The Meaning Behind Yorgos Lanthimos’s The Lobster (2015)

Minor-Spoilers for the Meaning Behind The Lobster (Not Necessarily What Happens) 

There’s nothing out there quite like The Lobster. Yorgos Lanthimos has invented something harshly relevant to a society eminently apparent of now and till the future. I abhor the fact that a majority of audiences unquestionably missed the mark on what this movie meant. To me, not only is Lanthimos take on society’s perception of love darkly and satirically delightful to watch, but also, culturally relevant to what today’s standards in terms of building a relationship are. 

This is How I Perceive the 1st Half: With the uprise of social media—an undoubtedly other circumstances—love and romance have been in demand at higher levels than it has ever been. Marriage has been worshiped as such a “positive” norm in society, that people continuously are feeling more and more pressured into finding a partner, no matter the odds. Socialization has caused us to become ignorant of love’s meaning/ purpose, and more focused on the selfish endeavor of finding a way to fit into our now devious world through progressive appearances.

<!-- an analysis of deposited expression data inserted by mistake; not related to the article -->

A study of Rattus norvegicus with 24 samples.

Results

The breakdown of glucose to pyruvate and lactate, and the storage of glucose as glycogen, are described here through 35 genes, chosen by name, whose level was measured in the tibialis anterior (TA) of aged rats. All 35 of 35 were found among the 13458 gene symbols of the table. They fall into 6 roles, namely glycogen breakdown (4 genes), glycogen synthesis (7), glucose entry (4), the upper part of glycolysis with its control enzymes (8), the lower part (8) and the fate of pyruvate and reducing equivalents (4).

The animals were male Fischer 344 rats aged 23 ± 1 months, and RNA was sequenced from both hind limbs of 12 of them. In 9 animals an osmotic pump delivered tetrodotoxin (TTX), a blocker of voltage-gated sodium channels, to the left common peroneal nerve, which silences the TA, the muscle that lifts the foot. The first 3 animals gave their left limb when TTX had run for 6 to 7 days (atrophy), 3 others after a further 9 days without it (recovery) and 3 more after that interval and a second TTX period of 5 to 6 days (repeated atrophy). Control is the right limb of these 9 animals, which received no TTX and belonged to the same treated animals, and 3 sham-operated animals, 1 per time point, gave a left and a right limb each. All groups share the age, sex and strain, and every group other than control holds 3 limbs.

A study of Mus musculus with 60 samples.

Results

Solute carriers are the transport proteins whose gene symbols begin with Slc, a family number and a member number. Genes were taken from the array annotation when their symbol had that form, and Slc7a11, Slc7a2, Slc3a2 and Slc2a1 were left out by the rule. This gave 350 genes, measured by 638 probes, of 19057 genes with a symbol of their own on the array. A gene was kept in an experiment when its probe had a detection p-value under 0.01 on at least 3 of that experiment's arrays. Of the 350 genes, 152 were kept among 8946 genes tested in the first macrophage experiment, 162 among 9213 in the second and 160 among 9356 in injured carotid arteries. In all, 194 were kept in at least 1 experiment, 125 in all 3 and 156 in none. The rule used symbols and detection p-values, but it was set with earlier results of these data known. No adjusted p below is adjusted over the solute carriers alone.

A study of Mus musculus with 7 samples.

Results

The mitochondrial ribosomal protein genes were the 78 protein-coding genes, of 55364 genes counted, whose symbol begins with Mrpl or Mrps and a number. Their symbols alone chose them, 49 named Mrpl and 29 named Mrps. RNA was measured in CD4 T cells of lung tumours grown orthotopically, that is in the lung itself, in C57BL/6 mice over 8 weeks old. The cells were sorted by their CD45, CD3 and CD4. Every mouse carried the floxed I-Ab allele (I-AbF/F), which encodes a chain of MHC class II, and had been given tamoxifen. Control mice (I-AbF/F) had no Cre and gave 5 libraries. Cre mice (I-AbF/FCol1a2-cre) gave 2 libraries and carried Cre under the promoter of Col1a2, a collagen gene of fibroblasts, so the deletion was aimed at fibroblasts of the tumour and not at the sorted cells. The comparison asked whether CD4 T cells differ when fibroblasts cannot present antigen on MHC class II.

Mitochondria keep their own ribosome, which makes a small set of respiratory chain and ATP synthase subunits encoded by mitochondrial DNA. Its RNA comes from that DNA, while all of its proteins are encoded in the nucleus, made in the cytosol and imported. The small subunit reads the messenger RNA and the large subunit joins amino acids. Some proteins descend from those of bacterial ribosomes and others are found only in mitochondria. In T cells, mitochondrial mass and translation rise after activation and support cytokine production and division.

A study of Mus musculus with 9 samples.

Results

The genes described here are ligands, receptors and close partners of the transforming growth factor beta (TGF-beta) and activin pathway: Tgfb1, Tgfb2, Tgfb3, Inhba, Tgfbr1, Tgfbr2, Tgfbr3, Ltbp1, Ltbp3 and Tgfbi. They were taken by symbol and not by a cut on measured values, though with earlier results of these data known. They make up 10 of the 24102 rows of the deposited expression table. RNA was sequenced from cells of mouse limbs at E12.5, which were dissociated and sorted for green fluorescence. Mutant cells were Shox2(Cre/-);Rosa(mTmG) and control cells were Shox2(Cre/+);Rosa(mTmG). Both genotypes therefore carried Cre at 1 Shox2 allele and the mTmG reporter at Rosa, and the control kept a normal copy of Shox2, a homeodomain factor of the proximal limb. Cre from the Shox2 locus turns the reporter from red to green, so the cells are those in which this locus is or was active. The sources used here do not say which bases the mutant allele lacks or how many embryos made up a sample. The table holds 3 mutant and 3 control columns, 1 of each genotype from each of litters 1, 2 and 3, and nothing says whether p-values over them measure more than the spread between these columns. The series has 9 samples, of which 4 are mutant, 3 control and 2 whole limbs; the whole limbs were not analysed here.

This is How I Perceive the 2nd Half: “Specific” societies often deny people who have “taboo” (according to their norms) relationships from continuing their accords by punishing them through severe practices, simply because “taboo” occurrences don’t follow their general beliefs. There are countless examples of what is considered a “taboo” form of love within many societies (different sexualities, different nationalities, different personalities, different social statuses, etcetera). Adversaries are always trying to shut you down when the one good thing in your life finally comes into play—relatable. I’m assuming Lanthimos is modestly saying, “Hey, people need to mind their own freakin’ business and let folks love who they want to love. As long as it’s real, who gives a damn.”

This is How I Perceive the Ending: “Oh, the crazy things people will do when they’re in love.”

So…yeah. The Lobster is probably the most informal love aphorism of the 21st Century. Go figure. 

Yorgos has the most f***** up vision in Hollywood right now, but that’s exactly why we need him. This wickedness he constantly froths into his filmography is awfully necessary in order to get timely, critical, and imperative messages—like this—out into such a flawed province (society). The more I watch The Lobster the more poetic, shocking, outlandish, traumatic, disturbing, sinister, and umm…funnier it becomes. Don’t be ignorant fellas, please, look at this film as a MOMENTOUS learning lesson. Embrace the eccentricity, as they say. Verdict Change: (A- —> A) 

The Lobster is essentially living proof that pure creativity is not yet dead in cinema

I envy how there’s always random different types of animals sprinkled throughout the forest in The Lobster. It’s a little detail I spotted out that makes me appreciate the movie’s attention to detail even more.